By Angela Peterson Winter
Perfectionism is often lauded or admired in the high-achieving, high-functioning society in which we live, but the truth is, its effects can be devastating, especially for artists who tend to have fairly sensitive souls. Perfectionism is not only an underlying factor in performance anxiety, but is also linked to general anxiety, depression, even suicide rates.
Do you struggle with perfectionism? Think about it . . . Have you ever been in the middle of a performance when you realize your teacher’s in the audience and you try to do everything she’s ever taught you? Or missed a note and a barrage of critical remarks flood your brain, berating you and distracting you from the music? Or maybe, as I used to, you go into a performance believing that if you can just do it perfectly, all will be well – everyone will like you and maybe you’ll get hired for something else? What happens to your connection to the music when these things happen? How do you feel about yourself and your performance?
For me, perfectionism has driven me to some pretty great achievements including high honors throughout school, scholarships, ample praise, and the motivation to keep honing my voice and art. But it has also driven me to chronic self-doubt, illness from taking on too much, never feeling ‘good enough’, and yes, performance anxiety. The end result has been that even as I achieved and accomplished seemingly great things, I was never satisfied and felt like a fraud.
My struggles with perfectionism are not over and may never be, but I have learned that the only way to be “perfect” is to be completely and truly myself, which means being wholly imperfect. To this end, I’d like to share with you two mantras that have shifted not only my own thinking and performing, but also my clients’. They both come from Improv Wisdom by Patricia Ryan Madson, a gem of a book.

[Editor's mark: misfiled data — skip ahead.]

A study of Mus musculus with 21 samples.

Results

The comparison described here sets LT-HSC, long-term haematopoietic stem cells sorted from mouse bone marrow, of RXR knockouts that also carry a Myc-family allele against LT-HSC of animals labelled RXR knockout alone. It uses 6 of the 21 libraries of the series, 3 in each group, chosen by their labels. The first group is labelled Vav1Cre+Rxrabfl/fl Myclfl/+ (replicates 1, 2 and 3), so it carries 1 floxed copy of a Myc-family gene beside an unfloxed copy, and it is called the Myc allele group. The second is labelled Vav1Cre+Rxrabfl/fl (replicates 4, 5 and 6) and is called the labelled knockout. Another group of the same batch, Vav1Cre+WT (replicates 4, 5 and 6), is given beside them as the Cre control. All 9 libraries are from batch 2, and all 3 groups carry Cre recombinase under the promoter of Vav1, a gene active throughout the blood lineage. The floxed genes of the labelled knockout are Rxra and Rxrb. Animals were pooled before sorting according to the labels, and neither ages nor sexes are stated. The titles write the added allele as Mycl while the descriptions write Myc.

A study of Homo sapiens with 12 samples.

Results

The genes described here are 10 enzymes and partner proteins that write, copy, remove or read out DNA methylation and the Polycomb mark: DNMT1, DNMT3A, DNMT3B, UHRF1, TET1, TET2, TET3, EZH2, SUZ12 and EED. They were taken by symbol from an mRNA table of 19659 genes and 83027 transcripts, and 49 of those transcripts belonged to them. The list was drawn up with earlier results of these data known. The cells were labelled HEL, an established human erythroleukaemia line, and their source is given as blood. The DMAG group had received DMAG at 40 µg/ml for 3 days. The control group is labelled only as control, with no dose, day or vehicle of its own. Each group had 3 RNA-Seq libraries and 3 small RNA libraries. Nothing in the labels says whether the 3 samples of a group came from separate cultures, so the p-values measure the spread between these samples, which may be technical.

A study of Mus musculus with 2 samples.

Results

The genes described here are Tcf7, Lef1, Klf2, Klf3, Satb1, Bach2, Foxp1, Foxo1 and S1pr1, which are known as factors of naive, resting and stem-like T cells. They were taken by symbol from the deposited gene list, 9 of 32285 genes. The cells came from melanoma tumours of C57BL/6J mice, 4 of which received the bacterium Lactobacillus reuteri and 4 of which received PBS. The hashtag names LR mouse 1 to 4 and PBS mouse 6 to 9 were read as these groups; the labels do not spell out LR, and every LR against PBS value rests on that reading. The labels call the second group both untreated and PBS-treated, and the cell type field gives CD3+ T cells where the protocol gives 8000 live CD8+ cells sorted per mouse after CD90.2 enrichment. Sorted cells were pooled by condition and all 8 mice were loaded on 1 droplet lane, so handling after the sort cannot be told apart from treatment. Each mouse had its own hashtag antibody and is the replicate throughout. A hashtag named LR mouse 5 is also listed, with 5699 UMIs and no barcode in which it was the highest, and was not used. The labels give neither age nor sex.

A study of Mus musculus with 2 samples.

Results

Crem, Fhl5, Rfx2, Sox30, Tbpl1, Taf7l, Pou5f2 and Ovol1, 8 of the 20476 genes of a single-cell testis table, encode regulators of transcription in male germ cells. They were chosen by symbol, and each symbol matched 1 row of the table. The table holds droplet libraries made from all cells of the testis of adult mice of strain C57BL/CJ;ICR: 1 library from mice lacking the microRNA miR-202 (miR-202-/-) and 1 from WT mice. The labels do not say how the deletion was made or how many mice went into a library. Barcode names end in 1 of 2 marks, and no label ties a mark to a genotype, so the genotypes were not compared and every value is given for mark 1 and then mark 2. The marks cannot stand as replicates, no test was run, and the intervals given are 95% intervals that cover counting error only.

“Just show up and be average.”
“Close enough is perfect.”
In the world of improvisation, there is no right or wrong, no way to be perfect, no mistakes, and whatever happens is exactly what will carry the scene forward. Your only job is to show up, be present, and trust that close enough is truly perfect.
Although, we can’t always see it, the same is true for our classical singing. When we stop striving for the impossible standard of perfection or doing everything exactly right and give ourselves permission to just be average, our whole body (and voice) relaxes. Our mind can let go and stay connected to the beautiful melodies and impassioned emotions. The anxiety lessens and, by accepting ‘close enough’ as good enough, our deep creative voice is free to express itself. The result is our unique brilliance shines through… and that feels… perfect!
Angela Peterson Winter, M.M. is a voice teacher and life coach who helps singers and creative souls find their voice and express who they really are. She helps them pinpoint and release the stuck places throughout body, mind, spirit, and voice so they can sing with ease, perform with confidence, and create with authenticity. She holds degrees from Butler University, Westminster Choir College of Rider University, and training in life coaching and CCM teaching methodologies. She was also a 2011 NATS Intern. Learn more at www.angelapetersonwinter.com.